ECCO Grant Study Synopsis: Neil Chanchlani
Neil Chanchlani, ECCO Grant Awardee
Understanding the mechanisms of anti-TNF treatment failure in patients with Crohn’s Disease: a proteomic analysis of the PANTS cohort
© Neil Chanchlani
Aim of research
In the Personalised Anti-TNF Therapy in Crohn’s Disease (PANTS) prospective cohort study, we followed 1,610 patients with Crohn’s Disease treated with infliximab or adalimumab for three years. About one in four patients experienced primary non-response and one-third of initial responders lost response, leaving only one-third in remission at one year.
A limited number of proteomic markers have been implicated in anti-TNF treatment failure, but their relative effects and interactions have not been fully explored. We aim:
- To identify novel protein biomarkers linked to intestinal inflammation and immunity that influence pharmacokinetic or pharmacodynamic related primary non-response and non-remission at one year, using two multiplex Olink proteomic panels.
- Validate previously postulated protein markers associated with anti-TNF primary non-response and non-remission at one year, including TREM-1, oncostatin M, Vitamin D, ASCA, ANCA and anti-OmpC.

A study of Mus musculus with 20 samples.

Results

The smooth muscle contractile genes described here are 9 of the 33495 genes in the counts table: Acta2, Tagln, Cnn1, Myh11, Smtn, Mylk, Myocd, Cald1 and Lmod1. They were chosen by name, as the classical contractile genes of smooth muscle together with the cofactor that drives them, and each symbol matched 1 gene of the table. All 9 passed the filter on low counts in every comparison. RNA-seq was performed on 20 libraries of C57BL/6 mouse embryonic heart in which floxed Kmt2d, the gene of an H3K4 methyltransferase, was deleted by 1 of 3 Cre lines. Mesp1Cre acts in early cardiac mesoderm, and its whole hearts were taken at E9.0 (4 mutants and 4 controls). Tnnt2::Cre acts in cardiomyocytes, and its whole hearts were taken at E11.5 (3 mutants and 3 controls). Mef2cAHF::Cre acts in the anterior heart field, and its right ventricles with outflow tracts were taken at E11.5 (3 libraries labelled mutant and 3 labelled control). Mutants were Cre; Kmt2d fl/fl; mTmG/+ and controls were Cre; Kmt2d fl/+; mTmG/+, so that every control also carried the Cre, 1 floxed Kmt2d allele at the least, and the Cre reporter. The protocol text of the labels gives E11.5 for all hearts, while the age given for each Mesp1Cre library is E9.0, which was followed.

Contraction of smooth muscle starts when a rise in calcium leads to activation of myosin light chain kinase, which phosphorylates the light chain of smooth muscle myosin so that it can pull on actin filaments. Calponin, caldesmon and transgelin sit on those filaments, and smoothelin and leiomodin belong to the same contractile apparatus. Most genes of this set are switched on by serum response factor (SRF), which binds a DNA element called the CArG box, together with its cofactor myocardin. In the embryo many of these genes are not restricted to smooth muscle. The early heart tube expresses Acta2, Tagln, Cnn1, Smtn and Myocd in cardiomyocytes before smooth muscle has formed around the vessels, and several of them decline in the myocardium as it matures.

Methodology/experiments that will be used
This study forms part of a comprehensive multi-omic profiling project using biobanked samples from the PANTS study. We will use high-throughput immunoassays to study the serum proteome to further understand the mechanisms of anti-TNF treatment failure. We will undertake multivariable logistic regression analyses to identify factors independently associated with primary non-response and non-remission.
Anticipated main impact
We hope this study will benefit patients with Crohn’s Disease by identifying those most at risk of anti-TNF treatment failure before treatment is started and/or at the end of induction therapy. Patients at risk of anti-TNF treatment failure might be offered alternative medications or monitoring may be intensified. We hope healthcare providers will benefit from increased stratification of therapy, saving costly investigations and hospitalisation.
Testing candidate biomarkers using the Olink platforms will be done in parallel with validation of previously postulated biomarkers over three months. Analysis of the data and replication of findings in independent cohorts will be done in the subsequent six months.